Tuesday, September 14, 2010

Reach Out and Smell It

So, Halo Reach was released kind of yesterday-ish. The last Halo game developed by Bungie (though I have no doubt Microsoft will not release its grubby paws from the series until all monetary value has been flushed from it forever, so, never), it has been released to rave reviews by critics and Halo fans alike. To be honest, it sickens me. I have a deep hatred for the Halo series, not because they're bad games - they're all fun, have shockingly high production values, and are hands-down the best console-exclusive shooters out there. No, I hate Halo because of what it represents - a goldmine, where you, the consumers, are the gold.


Halo: Combat Evolved was great. I'll lay that down there. It took first-person shooters from PCs, and made them work on a consoles. It was unfathomable! Yet Bungie took the swan-dive head-first into the river of concrete, like complete fools, only to find it more profitable than ever. Halo, for over two console generations, has been the benchmark first-person shooters on consoles have been trying to live up to, from the Modern Warfare CoD-branch, to other Halo games.

It also had a pretty good sci-fi story going on, one I think deeper than the Halo fanbase would care to admit. And so, comes Halo 2, possibly the worst cash-cow ever made. Technically only half a game, the development was fraught with problems, technical or otherwise; the cliffhanger ending supposedly "not intended," Microsoft was barking at Bungie's door as they rushed to meet deadlines, they presented faked E3 demos, ones that could "never run on Xbox hardware" - Halo 2 was a doomed beast. However, it did do one thing right. It took the once LAN-only Halo: CE multiplayer, and combined it with the first stable console online network - Xbox LIVE. Today, mere mention of LIVE is mundane. Everyone knows it's a PC/Xbox cross-platform gaming/achievement/stats/multiplayer/matchmaking "thing," that is too pricey yet you'll pay it anyway if it means a month more of Modern Warfare 2. When Halo 2 was released, LIVE was like, new. Online shooters were still very much the domain of the PC, with their Battlefields and Counter-Strikes and StarCrafts. Halo 2 has that, and maybe only that, going for it. A doomed game only needs one redeeming feature, right?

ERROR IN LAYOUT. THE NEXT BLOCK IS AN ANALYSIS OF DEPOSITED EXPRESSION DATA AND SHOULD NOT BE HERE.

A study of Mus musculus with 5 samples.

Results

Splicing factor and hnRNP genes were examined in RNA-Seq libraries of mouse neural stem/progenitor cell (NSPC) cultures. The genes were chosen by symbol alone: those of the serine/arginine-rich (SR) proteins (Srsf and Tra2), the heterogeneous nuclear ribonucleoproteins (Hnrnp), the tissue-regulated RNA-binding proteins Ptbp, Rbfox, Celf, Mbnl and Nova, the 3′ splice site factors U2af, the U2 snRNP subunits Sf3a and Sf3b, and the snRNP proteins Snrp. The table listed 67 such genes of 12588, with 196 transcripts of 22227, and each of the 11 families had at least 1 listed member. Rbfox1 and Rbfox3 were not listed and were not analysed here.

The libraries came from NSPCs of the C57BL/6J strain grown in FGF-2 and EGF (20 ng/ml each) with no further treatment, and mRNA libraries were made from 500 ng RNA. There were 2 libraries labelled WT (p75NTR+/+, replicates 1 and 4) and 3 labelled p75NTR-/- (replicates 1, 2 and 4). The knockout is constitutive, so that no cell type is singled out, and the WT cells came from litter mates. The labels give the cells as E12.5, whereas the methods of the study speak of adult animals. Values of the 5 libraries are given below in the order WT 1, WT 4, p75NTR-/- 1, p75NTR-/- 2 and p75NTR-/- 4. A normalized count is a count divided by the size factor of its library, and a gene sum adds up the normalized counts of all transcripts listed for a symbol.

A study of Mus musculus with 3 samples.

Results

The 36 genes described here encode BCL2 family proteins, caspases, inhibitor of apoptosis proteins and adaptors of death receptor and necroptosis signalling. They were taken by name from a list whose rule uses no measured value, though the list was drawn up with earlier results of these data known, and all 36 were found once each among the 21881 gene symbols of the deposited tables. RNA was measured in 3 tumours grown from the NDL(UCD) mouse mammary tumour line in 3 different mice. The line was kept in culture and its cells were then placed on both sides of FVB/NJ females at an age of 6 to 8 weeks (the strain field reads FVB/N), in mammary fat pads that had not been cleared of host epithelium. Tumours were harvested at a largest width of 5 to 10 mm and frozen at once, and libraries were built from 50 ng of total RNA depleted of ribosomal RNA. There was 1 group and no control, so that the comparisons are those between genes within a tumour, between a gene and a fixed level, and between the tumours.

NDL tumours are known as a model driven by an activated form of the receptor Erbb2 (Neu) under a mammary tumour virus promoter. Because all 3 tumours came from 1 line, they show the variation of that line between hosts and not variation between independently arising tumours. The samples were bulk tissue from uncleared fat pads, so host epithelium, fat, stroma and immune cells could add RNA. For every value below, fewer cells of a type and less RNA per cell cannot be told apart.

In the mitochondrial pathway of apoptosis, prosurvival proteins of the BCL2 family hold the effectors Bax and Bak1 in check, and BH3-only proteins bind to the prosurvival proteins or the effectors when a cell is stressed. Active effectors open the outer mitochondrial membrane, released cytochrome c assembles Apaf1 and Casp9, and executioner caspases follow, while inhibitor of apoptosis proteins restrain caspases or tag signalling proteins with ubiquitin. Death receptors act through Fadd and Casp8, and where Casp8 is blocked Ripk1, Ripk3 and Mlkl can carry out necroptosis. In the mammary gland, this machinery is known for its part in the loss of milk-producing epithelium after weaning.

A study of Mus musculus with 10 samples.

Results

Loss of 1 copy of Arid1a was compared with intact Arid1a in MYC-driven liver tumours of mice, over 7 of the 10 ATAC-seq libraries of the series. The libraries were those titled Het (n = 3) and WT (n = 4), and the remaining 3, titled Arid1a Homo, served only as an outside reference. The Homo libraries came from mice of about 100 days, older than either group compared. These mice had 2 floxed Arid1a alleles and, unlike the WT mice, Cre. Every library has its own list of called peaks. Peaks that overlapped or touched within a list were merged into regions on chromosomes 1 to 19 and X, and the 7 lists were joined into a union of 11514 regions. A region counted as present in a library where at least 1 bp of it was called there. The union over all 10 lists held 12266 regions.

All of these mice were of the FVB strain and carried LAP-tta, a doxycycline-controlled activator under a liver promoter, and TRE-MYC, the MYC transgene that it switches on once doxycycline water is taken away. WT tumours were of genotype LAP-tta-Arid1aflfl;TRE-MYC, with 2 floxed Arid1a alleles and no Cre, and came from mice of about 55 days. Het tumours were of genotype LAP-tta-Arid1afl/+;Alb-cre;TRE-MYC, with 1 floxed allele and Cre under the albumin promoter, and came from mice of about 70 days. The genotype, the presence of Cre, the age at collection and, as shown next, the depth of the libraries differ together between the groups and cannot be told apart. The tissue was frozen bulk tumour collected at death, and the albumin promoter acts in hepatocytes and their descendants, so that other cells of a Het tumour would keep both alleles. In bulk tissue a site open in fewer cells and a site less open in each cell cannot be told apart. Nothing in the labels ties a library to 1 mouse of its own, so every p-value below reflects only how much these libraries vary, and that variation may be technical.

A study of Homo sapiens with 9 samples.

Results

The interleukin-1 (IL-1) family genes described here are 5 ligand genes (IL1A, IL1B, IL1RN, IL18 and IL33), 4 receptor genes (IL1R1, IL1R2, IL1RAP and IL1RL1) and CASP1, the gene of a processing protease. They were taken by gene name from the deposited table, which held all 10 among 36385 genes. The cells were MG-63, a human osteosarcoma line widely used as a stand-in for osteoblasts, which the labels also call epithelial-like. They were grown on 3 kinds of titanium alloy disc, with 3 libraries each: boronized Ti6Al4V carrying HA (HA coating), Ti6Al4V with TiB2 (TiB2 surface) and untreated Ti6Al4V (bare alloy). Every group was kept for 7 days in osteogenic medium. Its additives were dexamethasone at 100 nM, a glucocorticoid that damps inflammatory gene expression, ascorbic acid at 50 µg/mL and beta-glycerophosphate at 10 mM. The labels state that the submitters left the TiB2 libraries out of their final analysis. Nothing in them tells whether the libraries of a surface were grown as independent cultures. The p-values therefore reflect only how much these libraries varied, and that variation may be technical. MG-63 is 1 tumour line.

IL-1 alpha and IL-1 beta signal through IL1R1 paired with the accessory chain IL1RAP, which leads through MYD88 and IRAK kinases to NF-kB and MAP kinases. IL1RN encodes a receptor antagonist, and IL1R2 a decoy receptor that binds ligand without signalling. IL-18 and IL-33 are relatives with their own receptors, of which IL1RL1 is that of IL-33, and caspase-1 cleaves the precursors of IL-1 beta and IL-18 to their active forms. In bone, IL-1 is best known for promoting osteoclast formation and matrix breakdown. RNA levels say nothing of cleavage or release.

Well, Halo 2 sold 9 million copies. So, Halo 3 came sweeping through Bungie's gates for Microsoft's new console, the Xbox 360. A competent shooter, with wonderful graphics, Halo 2's awesome online ramped up considerably, and sweet 4-player co-op through the whole campaign, Halo 3 became Microsoft's bastion. This, I hate. Halo 3 is a good game, don't get me wrong! But Halo 3 only exists for Bungie, because Halo 2 had a crappy cliffhanger. They needed to finish off the story. As such, Halo 3 feels more like Microsoft's game than Bungie's. Bungie, ground through the Microsoft machine to make Halo 2 for a console that, for all intents and purposes, couldn't actually run it. Microsoft snapped them up. Bungie are great developers, easily up there with Blizzard and Valve in the "listen to your fanbase" awesomeness that most developers ignore completely. But once Microsoft got a hold on the Halo series, Bungie became nothing but a hand puppet, dancing for money.

This is where you, the consumers, come in. Halo is, and always has been, a Microsoft money-maker, designed to sell consoles and LIVE memberships. Yet the majority of Halo fans take them as some kind of holy grail of game design! Well-designed and original! No, Halo is NOT original. It rips off Aliens like a motherfucker, with the main character, the, nay - a "Master Chief," being the faceless, characterless Mario of Microsoft. Halo's backstory sapped up by Microsoft, the evil giants of today's technological, Windows-driven business world. Halo is not a great game, it is all but a cog in a tightly wound machine made by Microsoft, taking away from developers that mean a damn, Bungie included, to make crappy needless sequels like ODST and spin-offs like Halo Wars. An above-average console seller.


And here we come to Reach, Bungie's sigh of relief that they are at the end of their contract. Reach feels a lot like its title - a reach. Bungie is reaching out. They're reaching out to a brighter future. They made Reach with the Halo moniker, but something tells me they wouldn't have done that if they had the choice not to. A prequel, vastly mouldable into something very anti-Master Chief, Reach is not a return to form - it's possibly the first form the series has taken since its conception. Bungie didn't want this. If they could, they'd have finished Halo 2 and released it on Xbox 360, merged with Halo 3! This is a final breath, the end of Bungie's squirming under Microsoft. It shouldn't be greeted with wonderful reviews, or money, it should be greeted with a cheer, as Bungie wrangles free from oppression to a future free of Halo. Five games too long, maybe Bungie can finally work on something innovative and worth a damn, because they can do it - the first two Halo games prove they can make something of nothing (Xbox, or LIVE). Halo fans want Bungie to do well, then stop lapping up Halo, because you're lapping it up right out of Microsoft's lap. You cocksuckers.

Andrew Deavin would like to say that not all Halo fans are cocksuckers, only most of them. He issues a challenge to readers - a list of post-Halo single-player console-exclusive first-person shooters that DON'T feature space/power armour, limited weapon slots, or recharging health. If the list is over 50 games, he will take back every anti-Halo sentiment in this post, and then eat his own face. For serious. Post them in the comments!

6 comments:

  1. I had something here, but you changed the challenge. Also: Monday Night Combat. Technically not first person shooter, but I lump 3rd and 1st person in the same category.